Shiva: the destroyer
Shiva (sanskrit: auspicious one), the third deity of the Hindu Trinity, is responsible for the dissolution of the universe. Literally, Shiva is one in whom the universe ‘sleeps’ after destruction and before the next cycle of creation. All that begins must come to an end. All that is born must die. This is the inviolable law. Shiva is the principle that brings about this disintegration, and is the power behind this destruction. But as Shankara he also reproduces that which has been destroyed.
Shiva means that which is transcendent. Shiva means God who cannot be contained by space or time, God who needs no form. His symbol ‘Lingam’ of the phallus represents his reproductive power. His guardian is Nandi (the white bull) whose statue can be found watching over the main shrine. The bull is said to embody sexual energy, fertility. Riding on its back, Shiva is in control of these impulses. The goddess Parvati is his consort and shakti. Ganesha and Kartikeya are his sons.
The sacred mark of Shiva is three horizontal lines across the forehead. In mythic art, vertical lines associated with Vishnu represent activity, while horizontal lines represent inertia. Shiva’s mark is horizontal to remind us that nothing needs to be done actively to destroy the three worlds. The three worlds created by Brahma i.e. the body, the property and the rest of nature will eventually collapse as Prakriti (nature) stakes her claim (Pattanaik, D., 2011).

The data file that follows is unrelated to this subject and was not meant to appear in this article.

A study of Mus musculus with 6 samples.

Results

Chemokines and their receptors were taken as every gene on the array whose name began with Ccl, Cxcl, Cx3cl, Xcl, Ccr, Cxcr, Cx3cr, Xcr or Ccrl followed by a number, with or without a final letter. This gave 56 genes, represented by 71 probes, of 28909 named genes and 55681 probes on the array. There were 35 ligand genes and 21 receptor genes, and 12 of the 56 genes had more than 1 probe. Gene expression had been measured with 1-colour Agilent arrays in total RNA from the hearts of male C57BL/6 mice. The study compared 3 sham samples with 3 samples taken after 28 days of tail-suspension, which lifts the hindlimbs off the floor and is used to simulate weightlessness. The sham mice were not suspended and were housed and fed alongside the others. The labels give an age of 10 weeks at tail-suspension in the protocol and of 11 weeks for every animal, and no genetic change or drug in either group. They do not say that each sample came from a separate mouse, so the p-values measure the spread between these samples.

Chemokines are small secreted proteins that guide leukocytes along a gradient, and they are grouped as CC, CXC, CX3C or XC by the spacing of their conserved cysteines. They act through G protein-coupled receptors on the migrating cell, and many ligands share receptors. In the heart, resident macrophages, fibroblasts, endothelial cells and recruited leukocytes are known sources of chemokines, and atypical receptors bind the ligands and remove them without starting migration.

As part of the Hindu Trinity; Brahmā is the priest, who creates the world, Vishnu is the king, sustains it and Shiva is the ascetic destroys it.
Interesting facts about Shiva
His abode is Kailasa in the great Himalayas.
Shiva is worshipped both in the anthropomorphic aspect and as the Linga.
Shiva is said to be half man and half woman. The Shiva Linga –the symbol of Lord Shiva consists of both Lingam (phallus) and yoni (the female organ).
Ichnographically Shiva may have two, three, four, eight, ten or even thirty-two hands. Some of the various objects shown in his hands are: Trishula (trident), Cakra (discus), Parasu (battleaxe), Damaru (drum), Aksamala (rosary), Mrga (deer), pasa (noose), Danda (staff), Pinaka or Ajagava (bow), Khatvanga (magic wand), Pasupata (spear), Padma (lotus), Kapala (skull-cup), Darpana (mirror), Khadga (sword) and so on.
Shiva’s bow is called the Pinaka. It was this bow that the princes were asked to lift and string in order to win Sita’s hand in marriage. The prince Rama not only lifted the bow with ease but also broke it while attempting to string it and won the hand of Sita.
Shiva is Purusha (humanity), while Parvati is Prakriti (nature). In art Purusha is visualized as the male head without the body while Prakritit is visualized as the female body without the head.